D.c. Gigs: For Whom The Bell Tolls (Transcript) | WAMU 88.5 - American University Radio


MS. REBECCA SHEIR

00:00:03
Now, moving from one kind of music to another, we head to the Washington National Cathedral, which is about to have quite the big weekend, as it opens its doors for services for the first time since August's earthquake. In this month's edition of "D.C. Gigs," we meet the man who makes the Cathedral's bells ring out and find out what inspired him to pursue a rather different kind of musical instrument.

MR. EDWARD NASSAR

00:00:32
My name is Edward Nassar and I'm the cathedral carillonneur at Washington National Cathedral. The bells are played manually from a keyboard. The word carillon means "bells that are struck." To play the bells of the carillon, I have to go 160 feet up inside the central tower.

MR. EDWARD NASSAR

00:00:56
And here we are inside the keyboard room, where the carillon keyboard is situated and this where I actually sit at the bench and play. It sort of looks like a large organ console with tracker wires that lead up to the bells. It's an entirely mechanical action, there's nothing electronic about it. So it's kind of sensitive to the weather and this room is climate controlled. We have a heat and air-conditioning and it needs to be watertight.

MR. EDWARD NASSAR

00:01:23
What we can see now from the floor of this cabin are the bells that are suspended above us. There are 53 cast bronze bells to this carillon. This is the largest bell. It's 12 tons, you could stand up inside of that bell. This bell has tolled for the funerals of Ronald Regan and for President Ford. This tower, it's interesting to play in because while I can -- there's windows and I can see outside. I can't see the audience at all. So I sort of have to imagine the audiences out there and here you just have to know they're there.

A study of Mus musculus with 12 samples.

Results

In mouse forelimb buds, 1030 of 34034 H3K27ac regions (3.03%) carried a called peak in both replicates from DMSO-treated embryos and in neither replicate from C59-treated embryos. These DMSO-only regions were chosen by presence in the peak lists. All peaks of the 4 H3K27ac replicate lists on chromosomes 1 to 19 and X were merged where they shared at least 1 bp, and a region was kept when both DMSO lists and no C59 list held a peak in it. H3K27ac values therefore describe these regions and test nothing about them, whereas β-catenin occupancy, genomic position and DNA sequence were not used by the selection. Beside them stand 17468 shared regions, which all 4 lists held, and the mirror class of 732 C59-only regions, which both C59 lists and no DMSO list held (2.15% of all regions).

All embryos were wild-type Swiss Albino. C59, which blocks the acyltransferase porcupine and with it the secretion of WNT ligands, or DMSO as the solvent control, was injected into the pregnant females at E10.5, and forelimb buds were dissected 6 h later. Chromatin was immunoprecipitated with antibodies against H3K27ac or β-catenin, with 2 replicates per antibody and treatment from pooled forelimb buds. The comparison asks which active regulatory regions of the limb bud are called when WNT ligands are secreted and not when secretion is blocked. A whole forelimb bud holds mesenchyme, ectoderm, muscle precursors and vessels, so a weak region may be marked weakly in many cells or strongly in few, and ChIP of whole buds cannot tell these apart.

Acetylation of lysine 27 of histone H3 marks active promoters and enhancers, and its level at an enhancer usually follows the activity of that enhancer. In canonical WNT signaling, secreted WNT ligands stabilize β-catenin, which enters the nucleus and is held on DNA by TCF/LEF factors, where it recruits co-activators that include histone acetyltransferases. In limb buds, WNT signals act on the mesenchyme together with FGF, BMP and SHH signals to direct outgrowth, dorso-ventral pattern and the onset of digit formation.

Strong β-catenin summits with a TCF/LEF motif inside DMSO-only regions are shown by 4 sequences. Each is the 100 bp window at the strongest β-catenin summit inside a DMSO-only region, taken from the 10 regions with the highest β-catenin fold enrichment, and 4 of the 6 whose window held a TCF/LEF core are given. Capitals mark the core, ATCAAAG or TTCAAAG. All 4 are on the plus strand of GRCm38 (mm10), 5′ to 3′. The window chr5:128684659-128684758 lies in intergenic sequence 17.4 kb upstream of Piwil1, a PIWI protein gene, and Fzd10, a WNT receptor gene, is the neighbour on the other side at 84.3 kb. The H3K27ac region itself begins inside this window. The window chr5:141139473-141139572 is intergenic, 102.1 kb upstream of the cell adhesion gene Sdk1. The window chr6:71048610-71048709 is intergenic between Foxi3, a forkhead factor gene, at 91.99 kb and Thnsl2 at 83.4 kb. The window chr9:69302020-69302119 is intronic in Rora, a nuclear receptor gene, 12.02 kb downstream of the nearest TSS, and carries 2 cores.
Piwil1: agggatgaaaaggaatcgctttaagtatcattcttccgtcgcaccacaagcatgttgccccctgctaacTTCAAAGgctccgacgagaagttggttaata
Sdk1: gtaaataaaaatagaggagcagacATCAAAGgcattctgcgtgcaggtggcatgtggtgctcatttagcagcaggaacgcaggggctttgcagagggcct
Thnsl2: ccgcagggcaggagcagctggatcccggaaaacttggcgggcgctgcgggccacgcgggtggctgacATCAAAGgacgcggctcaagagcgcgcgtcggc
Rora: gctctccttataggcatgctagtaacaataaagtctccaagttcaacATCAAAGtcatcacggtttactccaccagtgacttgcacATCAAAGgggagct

MR. EDWARD NASSAR

00:02:02
It's an interesting story about how I became carillonneur. I was a pianist and I was in music school and I wanted to learn all the various keyboard instruments. When I learned there was one called the carillon and was made of bells, I didn't quite know what to make of it and once I went up the 300 foot tower and saw those bells for the first time, bell so large I could walk inside, I was hooked.

MR. EDWARD NASSAR

00:02:28
At no point in my life did I say, I'm going to grow up and become a church musician. It was just my path that led me here and it's a happy surprise. Playing the carillon is like a full-body aerobic workout. Your hands are going in one direction, your feet are going in the other direction. You are completely responsible for the volume of that instrument. So if you want the 12-ton bell to play loudly then you're pressing really hard with your feet.

MR. EDWARD NASSAR

00:02:57
What I enjoy so much about this huge gargantuan instrument is that it can be played with such sensitivity. You have the greatest diverse audience when you play the carillon here. you play for presidents and queens and kings and many dignitaries. I try to be sensitive to the neighborhood. I've heard or two neighbors that would do their gardening during the carillon recital times and they would have contests has to who guess the most number of hymns that I was playing.

MR. EDWARD NASSAR

00:03:30
So I'm thinking to myself, my goodness, these people really are listening so I better not disappoint them. I was scheduled to have a meeting with some cathedral officials and then all of a sudden the ground started shaking and we had the earthquake and I was just saying, Well, you know, I was supposed to be up there in that tower at the 1:00 o'clock hour, but at least I was safely on the ground when the cathedral started rocking and rolling. I'm just looking forward to the day when I'm back on the keyboard and playing the sound for the neighborhood.

SHEIR

00:04:08
That was the National Cathedral's Edward Nassar talking with "Metro Connection's" Peter Domingos. To see photos of Nassar at his carillon keyboard, head to our website, metroconnection.org. And if you have a distinctively "D.C. Gig" you think we should feature, we want to hear about it. Our email address is metro@wamu.org.